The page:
Veterinary tech certification programs include classroom instruction in animal physiology, diseases and care, as well as field experience for gaining practical skills. Students may also learn to assist in dental and surgical procedures for animals. Certificate programs last from 1-3 years and must be accredited by the American Veterinary Medical Association (AVMA).
A high school diploma or equivalent and a high aptitude for math, biology and science are prerequisites for admission to a veterinary tech certificate program. Students will gain experiential learning through hands-on coursework.
Certificate Programs in Veterinary Technology
Students enrolled in these programs work in an environment supported by laboratories, surgical facilities and animal care rooms. Classes are offered in:
- Animal care and restraint
- Animal diseases
- Animal anatomy and physiology
- Veterinary clinical techniques
- Pharmacology and toxicology
Veterinary Technician Certification
The American Association of Veterinary State Boards (AAVSB) certifies three levels of technician competence. A veterinary technician certification takes two years to complete and requires students to pass the National Veterinary Technician exam. The exam includes written, oral and practical questions, designed to test student knowledge of veterinary technology. The American Association for Laboratory Animal Science (AALAS) also offers practice tests and study guides to help students pass the exam. Topics covered on the exam include the following:
- Animal medical techniques
- Surgical procedures
- Comparative anatomy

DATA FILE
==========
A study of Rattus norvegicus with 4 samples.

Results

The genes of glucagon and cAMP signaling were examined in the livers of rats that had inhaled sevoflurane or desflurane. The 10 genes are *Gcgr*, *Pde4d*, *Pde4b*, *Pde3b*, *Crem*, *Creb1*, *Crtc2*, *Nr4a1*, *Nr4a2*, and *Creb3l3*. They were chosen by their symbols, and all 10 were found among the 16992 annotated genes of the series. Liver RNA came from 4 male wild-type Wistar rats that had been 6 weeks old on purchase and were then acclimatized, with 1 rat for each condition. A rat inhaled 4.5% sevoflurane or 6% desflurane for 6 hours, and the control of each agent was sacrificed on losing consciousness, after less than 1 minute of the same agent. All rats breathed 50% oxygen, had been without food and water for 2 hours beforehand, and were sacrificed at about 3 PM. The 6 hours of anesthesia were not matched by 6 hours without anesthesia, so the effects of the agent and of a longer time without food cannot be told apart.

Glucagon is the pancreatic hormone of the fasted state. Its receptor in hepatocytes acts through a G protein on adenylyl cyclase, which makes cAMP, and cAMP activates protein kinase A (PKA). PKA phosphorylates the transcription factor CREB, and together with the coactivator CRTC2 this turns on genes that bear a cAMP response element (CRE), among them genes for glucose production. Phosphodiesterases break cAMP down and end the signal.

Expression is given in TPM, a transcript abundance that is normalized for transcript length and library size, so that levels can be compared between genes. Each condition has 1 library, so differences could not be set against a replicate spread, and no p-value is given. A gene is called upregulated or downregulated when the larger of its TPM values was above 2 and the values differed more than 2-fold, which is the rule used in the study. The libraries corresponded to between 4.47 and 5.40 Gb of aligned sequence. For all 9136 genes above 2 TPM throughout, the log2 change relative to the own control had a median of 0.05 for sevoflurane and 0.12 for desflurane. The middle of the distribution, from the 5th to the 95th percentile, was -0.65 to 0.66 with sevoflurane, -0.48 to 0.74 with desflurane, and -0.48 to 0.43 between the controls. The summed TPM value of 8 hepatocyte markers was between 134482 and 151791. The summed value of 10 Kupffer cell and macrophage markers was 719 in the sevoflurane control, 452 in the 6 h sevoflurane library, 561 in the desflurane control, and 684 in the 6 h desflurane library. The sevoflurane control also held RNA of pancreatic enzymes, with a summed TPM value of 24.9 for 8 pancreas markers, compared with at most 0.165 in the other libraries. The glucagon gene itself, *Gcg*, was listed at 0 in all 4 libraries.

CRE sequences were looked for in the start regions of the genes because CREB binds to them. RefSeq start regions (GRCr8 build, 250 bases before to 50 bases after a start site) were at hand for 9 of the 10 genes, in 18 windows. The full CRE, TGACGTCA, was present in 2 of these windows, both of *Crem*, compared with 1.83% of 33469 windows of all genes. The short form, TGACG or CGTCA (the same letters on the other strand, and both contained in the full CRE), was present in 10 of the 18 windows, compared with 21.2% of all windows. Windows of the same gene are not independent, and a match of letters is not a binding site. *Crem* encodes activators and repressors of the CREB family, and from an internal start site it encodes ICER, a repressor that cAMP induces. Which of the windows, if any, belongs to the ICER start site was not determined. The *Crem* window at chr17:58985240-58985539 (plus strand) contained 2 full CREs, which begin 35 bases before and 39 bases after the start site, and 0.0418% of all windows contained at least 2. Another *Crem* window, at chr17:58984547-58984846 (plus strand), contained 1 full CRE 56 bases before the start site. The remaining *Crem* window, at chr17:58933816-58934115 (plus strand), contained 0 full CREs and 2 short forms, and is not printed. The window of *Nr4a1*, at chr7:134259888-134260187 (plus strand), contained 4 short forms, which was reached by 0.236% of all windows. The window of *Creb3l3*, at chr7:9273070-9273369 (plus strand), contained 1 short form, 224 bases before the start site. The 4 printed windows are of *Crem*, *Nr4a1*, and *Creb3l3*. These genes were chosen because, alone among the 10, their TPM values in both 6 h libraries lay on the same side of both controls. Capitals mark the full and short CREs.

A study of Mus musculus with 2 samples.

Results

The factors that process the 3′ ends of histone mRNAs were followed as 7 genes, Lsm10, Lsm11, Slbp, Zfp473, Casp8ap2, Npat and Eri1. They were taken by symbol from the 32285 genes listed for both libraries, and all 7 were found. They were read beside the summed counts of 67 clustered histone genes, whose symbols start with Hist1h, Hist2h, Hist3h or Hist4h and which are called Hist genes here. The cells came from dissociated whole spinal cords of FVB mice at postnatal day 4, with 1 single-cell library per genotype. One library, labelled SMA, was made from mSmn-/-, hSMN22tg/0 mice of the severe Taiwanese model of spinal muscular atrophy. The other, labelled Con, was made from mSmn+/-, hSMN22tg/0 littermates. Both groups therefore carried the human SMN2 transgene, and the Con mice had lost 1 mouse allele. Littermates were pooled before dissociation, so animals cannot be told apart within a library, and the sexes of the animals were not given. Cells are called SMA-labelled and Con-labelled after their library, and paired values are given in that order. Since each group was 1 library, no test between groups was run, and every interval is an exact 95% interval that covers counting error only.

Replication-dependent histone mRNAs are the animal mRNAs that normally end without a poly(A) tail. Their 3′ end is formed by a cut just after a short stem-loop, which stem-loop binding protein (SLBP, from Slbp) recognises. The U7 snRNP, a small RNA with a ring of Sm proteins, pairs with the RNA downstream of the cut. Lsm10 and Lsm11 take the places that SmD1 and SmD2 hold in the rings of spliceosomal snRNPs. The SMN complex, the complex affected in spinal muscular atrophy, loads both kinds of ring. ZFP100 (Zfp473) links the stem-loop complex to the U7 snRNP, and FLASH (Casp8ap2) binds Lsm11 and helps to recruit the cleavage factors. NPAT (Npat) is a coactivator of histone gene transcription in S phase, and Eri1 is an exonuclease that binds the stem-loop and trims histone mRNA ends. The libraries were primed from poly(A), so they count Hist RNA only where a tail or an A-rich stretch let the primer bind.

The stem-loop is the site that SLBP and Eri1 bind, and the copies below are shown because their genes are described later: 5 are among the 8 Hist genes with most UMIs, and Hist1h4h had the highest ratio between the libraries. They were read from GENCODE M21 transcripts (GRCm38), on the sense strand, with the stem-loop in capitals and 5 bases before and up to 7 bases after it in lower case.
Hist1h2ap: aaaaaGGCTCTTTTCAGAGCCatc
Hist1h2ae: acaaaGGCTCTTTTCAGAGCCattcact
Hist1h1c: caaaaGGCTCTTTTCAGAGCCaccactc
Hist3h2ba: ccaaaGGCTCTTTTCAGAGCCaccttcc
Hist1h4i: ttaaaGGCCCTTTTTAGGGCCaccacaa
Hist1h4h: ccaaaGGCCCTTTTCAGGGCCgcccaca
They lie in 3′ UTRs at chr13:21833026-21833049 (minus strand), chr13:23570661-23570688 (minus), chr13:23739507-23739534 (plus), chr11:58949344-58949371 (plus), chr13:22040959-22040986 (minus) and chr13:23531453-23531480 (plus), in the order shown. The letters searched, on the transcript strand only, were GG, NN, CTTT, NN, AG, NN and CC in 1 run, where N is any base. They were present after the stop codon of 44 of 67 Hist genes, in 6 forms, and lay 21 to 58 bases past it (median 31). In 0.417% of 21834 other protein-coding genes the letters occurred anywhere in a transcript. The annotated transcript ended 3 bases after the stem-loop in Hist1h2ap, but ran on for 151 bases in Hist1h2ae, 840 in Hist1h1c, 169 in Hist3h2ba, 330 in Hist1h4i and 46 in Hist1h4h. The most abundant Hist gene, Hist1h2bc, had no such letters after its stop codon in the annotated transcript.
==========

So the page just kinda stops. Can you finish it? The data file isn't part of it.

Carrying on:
Popular Career Options
Graduates of a certificate program in veterinary technology are qualified to perform technical duties in different settings. Professionals are prepared to work with all types of animal species and deal with various medical ailments on a daily basis. Employment opportunities are available in:
- Veterinary practices
- Research and academic institutions
- Biological laboratories
- Pharmaceutical companies
Salary Info and Employment Outlook
According to the U.S. Bureau of Labor Statistics (BLS), career opportunities for veterinary technologists and technicians are expected to increase 19% from 2014-2024. The growth projection is attributed to general care and lab work being performed primarily by veterinary techs, freeing up veterinarians to handle more complex and specialized procedures. In May 2015, the BLS reported that veterinary technologists and technicians earned an annual average salary of $33,280.
Associate and bachelor's degrees are available to students wishing to continue their education. These programs train students to perform advanced veterinary medical procedures, and the coursework focuses on nursing and technical duties. To become a veterinarian, students must complete a Doctor of Veterinary Medicine degree program. Veterinarians are responsible for diagnosing, prescribing treatment and performing surgery on all types of animals.
Certificate programs in veterinary technology equip students with laboratory skills that include taking blood, preparing tissue samples, exposing x-rays and providing specialized nursing care. Graduates are prepared to take the National Veterinary Technician exam, which tests their competence in performing clinical procedures.